RailTel, the public sector enterprise that operates under the railway ministry and is known for providing Internet access at train stations, has fixed a list of serious vulnerabilities impacting its website. One of the issues could have allowed a hacker to reset a password of its email account holders, according to a security researcher. The RailTel site was also using an outdated version of the content management system Joomla that is impacted by a list of vulnerabilities, including the ones that can be exploited to let attackers gain root-level access or operate the site as an administrator.
Security researcher Sunny Nehra discovered various flaws impacting the RailTel site in early May. He informed Gadgets 360 that one of the issues could have allowed hackers to gain access to the email accounts of RailTel employees by resetting their passwords.
The researcher said that a bad actor could hack the email accounts since the organisation was not using a no-rate limit for the one-time password (OTP) mechanism available on its email password reset page. The limit is meant to restrict attackers from using various password combinations to eventually find the correct one.
In addition to the absence of the no-rate limit, the email system could allegedly be attacked using the response manipulation technique that attackers could leverage to bypass authentication.
“RailTel’s mailing system was made in a very insecure way,” Nehra told Gadgets 360. “Currently, it has turned the password reset page down.”
The RailTel site was also using the Joomla version 3.4.2 that was released back in 2015. That particular release has been impacted by several known vulnerabilities.
Nehra said the site was impacted by a vulnerability that is tracked as CVE-2015-8562 and was exploited by some attackers in December 2015.
“The flaw leads to root access or complete hacking of the vulnerable server,” he said, adding that other critical flaws of the outdated Joomla version also impacted the site.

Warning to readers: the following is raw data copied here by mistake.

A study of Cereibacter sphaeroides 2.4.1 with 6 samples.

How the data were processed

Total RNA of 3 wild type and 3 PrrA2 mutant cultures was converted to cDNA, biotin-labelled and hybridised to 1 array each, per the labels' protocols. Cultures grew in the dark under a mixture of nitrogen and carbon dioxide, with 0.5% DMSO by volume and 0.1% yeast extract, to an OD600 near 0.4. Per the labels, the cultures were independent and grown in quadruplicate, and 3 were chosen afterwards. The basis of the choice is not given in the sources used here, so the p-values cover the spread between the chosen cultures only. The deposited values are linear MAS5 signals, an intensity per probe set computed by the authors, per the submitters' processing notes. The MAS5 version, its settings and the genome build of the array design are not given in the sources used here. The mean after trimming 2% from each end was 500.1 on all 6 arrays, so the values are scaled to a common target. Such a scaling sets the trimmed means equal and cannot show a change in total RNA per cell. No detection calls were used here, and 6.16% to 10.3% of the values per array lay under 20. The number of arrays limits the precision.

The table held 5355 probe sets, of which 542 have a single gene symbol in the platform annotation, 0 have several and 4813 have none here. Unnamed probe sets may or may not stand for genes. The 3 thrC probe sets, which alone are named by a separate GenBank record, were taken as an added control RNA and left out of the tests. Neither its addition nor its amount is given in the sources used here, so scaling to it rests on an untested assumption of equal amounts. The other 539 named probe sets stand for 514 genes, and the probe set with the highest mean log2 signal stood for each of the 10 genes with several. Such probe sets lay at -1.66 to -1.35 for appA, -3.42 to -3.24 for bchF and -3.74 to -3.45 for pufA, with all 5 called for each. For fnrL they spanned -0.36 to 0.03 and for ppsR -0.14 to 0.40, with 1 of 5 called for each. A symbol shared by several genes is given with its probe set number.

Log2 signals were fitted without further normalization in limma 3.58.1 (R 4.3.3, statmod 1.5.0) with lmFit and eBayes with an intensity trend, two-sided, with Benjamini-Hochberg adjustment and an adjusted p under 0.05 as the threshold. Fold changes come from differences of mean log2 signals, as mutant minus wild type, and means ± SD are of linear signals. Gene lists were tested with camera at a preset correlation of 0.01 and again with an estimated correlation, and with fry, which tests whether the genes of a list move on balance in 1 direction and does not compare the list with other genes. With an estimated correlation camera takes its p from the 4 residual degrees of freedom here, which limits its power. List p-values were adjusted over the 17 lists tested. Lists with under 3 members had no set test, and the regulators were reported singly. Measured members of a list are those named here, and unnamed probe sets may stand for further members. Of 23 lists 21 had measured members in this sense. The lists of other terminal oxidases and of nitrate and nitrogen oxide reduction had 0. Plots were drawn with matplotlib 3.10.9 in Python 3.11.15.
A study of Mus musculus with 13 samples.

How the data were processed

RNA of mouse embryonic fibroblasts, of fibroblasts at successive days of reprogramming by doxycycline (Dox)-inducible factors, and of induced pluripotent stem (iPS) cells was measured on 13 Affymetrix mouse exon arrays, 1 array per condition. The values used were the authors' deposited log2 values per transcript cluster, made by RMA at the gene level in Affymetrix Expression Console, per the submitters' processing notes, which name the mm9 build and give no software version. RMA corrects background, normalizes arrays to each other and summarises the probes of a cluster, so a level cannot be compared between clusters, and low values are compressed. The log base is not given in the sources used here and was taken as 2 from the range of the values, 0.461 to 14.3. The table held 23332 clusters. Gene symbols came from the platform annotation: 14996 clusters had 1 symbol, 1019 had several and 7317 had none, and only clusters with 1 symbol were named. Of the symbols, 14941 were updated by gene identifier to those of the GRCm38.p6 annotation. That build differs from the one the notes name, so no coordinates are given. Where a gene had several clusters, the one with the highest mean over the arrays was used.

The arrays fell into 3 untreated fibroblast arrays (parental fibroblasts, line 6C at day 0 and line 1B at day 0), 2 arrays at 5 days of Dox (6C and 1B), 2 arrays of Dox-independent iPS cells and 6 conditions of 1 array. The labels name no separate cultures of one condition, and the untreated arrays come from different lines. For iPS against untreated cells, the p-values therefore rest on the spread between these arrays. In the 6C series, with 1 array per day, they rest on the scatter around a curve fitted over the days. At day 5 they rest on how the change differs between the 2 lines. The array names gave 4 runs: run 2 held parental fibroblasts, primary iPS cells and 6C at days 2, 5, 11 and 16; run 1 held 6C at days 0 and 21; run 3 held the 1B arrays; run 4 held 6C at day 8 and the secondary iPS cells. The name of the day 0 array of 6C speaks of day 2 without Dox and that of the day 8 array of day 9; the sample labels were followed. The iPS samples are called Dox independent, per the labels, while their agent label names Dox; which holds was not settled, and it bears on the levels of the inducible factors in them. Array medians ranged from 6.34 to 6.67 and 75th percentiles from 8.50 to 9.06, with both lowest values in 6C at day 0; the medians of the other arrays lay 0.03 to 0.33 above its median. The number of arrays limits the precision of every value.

To explain the flaws, Nehra shared three proof-of-concept (PoC) videos with Gadgets 360.
Shortly after spotting the issues, the researcher disclosed the vulnerabilities to RailTel and informed India’s Computer Emergency Response Team (CERT-In) and National Critical Information Infrastructure Protection Centre (NCIIPC) on May 6. The CERT-In and NCIIPC last week confirmed to the researcher that the issues were patched by the enterprise.
RailTel also separately confirmed the fixes to Gadgets 360.
“RailTel’s website runs behind a Web application firewall and is loaded with host-based antivirus and hence cyber attackers cannot exploit vulnerabilities, if any, and cannot upload shells to our website,” the organisation said in a prepared statement emailed to Gadgets 360. “We would like to stress upon the fact that there has been NO INCIDENT of any data breach reported.”
It also confirmed that its site was currently running on the latest stable release of Joomla platform.
“Also, currently we are not facing any issue related to the email account (railtelindia.com domain) compromise,” it said.
RailTel runs a service called RailWire to offer free Wi-Fi access at railway stations in the country. It partnered with Google in 2016 to kick off a public Wi-Fi initiative called Google Station. The partnership, though, ended in May 2020. RailTel has, however, continued to provide free Wi-Fi service at hundreds of railway stations.
In 2017, the RailWire service was named as the worst affected service provider by the WannaCry ransomware by antivirus company eScan.
Aside from providing Internet access, RailTel in the recent past introduced technologies including an artificial intelligence (AI) based attendance system for government schools in Assam.